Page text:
Federal Leadership is on the Decline
Federal employee satisfaction with their leadership is low and slipping, according to new analysis from the Partnership for Public Service and Deloitte. Federal employees have given effective leadership low marks in the Best Places to Work in the Federal Government ® rankings over the past several years, but from 2011 to 2012 the government-wide score slipped 2.1 points to 52.8 on a scale of 100.
The low marks on leadership are an alarming finding, since leadership is the most important driver of overall federal employee satisfaction and commitment, and research has shown that the more engaged employees are, the better an organization performs.
The score reflected lower marks on four elements that make up the effective leadership category in the Best Places to Work survey, including empowerment, fairness, supervisors and fairness, with the largest drop and lowest scores given for empowerment and senior leaders.
Only 4 out of 10 federal employees felt empowered with respect to their work process and slightly less than half said they were satisfied with their involvement in decisions that affect their jobs.
Just half of federal employees said they have a high level of respect for their organization’s senior leaders, defined as “the heads of agencies, departments and their senior management teams.” Only four in 10 federal employees said their leaders generate high levels of motivation and commitment in the workforce. And fewer than half said they were satisfied with the level of information they receive from management on what’s going on in their agencies.
Opinions of fairness slipped 1.3 points since 2011. Less than 6 out of 10 employees reported that they believe they can disclose a suspected violation of any law, rule or regulation without fear of reprisal, while fewer than 50 percent said that arbitrary action, personal favoritism and coercion for partisan political purposes are not tolerated.
The highest leadership marks from federal employees came went to first line supervisors, with a score of 62.3 out of 100. Roughly six out of 10 federal employees thought their supervisors were doing a good job, engaged in worthwhile discussions about their performance, gave them opportunities to demonstrate leadership skills and supported their development.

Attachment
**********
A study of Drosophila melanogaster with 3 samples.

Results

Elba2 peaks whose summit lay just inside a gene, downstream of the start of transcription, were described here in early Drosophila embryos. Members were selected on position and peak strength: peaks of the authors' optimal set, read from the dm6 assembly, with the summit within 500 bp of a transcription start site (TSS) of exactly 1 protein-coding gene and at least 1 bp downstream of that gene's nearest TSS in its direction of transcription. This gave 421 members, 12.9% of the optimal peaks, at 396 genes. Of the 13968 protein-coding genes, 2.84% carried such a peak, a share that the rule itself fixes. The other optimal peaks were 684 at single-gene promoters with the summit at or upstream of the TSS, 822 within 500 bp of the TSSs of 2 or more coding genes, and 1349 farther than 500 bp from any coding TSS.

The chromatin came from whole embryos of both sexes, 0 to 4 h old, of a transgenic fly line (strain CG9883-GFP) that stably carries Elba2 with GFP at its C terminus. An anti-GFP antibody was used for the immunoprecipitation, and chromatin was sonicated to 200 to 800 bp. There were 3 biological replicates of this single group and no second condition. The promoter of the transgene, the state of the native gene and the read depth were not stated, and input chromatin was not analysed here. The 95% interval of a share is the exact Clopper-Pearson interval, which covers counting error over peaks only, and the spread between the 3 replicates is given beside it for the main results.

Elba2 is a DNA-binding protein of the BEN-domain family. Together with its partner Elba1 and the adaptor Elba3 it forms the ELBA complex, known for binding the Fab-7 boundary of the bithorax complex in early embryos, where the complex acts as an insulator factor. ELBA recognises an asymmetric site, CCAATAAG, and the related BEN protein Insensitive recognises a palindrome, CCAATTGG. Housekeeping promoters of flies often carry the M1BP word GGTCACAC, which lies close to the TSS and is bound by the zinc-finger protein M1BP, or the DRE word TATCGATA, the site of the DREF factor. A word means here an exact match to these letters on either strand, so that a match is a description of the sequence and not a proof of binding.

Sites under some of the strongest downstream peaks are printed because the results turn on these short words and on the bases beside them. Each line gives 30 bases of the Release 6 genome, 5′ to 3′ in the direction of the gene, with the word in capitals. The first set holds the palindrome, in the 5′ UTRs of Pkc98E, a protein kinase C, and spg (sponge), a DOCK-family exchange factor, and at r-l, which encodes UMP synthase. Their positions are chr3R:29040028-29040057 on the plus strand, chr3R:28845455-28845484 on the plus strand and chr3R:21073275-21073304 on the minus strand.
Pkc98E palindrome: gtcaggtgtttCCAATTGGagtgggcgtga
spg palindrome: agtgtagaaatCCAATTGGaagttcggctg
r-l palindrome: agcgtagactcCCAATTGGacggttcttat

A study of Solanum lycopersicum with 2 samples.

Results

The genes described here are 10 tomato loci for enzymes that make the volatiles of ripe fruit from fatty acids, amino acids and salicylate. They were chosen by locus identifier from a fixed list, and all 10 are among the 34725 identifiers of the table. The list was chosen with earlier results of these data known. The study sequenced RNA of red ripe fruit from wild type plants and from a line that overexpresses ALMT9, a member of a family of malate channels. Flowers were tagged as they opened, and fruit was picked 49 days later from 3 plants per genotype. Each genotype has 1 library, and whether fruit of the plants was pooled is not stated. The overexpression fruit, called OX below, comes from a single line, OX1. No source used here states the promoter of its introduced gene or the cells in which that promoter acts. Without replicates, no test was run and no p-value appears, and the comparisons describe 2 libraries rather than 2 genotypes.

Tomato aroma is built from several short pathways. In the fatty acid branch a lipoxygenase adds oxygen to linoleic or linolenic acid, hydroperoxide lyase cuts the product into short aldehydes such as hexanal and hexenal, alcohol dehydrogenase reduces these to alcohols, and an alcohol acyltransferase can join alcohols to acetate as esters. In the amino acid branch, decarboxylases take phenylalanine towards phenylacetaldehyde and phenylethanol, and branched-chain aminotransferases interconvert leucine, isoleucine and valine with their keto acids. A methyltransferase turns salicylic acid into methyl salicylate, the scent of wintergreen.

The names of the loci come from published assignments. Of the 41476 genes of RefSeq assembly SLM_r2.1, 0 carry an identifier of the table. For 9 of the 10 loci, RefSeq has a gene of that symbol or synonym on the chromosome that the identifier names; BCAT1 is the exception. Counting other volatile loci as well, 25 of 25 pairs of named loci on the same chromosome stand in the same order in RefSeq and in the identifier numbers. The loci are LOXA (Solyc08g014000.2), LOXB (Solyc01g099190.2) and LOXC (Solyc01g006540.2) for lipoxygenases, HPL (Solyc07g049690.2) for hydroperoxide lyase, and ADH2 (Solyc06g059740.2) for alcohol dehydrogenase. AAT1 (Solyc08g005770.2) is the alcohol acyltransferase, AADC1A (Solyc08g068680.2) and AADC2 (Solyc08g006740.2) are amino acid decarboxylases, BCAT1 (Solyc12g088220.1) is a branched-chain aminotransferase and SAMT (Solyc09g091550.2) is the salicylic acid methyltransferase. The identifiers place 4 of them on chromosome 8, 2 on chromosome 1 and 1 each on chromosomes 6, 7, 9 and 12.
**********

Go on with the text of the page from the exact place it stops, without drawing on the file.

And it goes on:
Despite the overall decline in leadership scores, a few agencies defied the trend and were able to improve their scores amidst a challenging federal climate. The National Aeronautics and Space Administration (NASA) and the Departments of Commerce both improved their score by 1.1 points. The Department of Transportation improved its score more than any large agency, by 2.3 points, while the Office of Management and Budget improved its score the most of among agencies of all sizes, with an increase of 12.1 points. Other agencies that successfully bucked the trend include the Departments of Interior, Energy, Education, and Health and Human Services.
Large agencies with the highest marks on leadership include NASA, the Intelligence Community and the Department of State. Among mid-sized agencies, the Federal Deposit Insurance Corporation, Nuclear Regulatory Agency and Federal Trade Commission took top honors while the Surface Transportation Board, Defense Nuclear Facilities Agency and Federal Labor Relations Authority were the top three scoring small agencies.
For a full list of agency rankings by leadership, visit www.ourpublicservice.org.
Lara Shane is Vice President for Research and Communications at the nonprofit Partnership for Public Service. This is the fourth article in a series on the 2012 Best Places to Work in the Federal Government® rankings. For information on how to improve employee satisfaction and commitment at your agency and to request a senior leadership briefing on your agency’s Best Places to Work results contact Mark Doboga at firstname.lastname@example.org.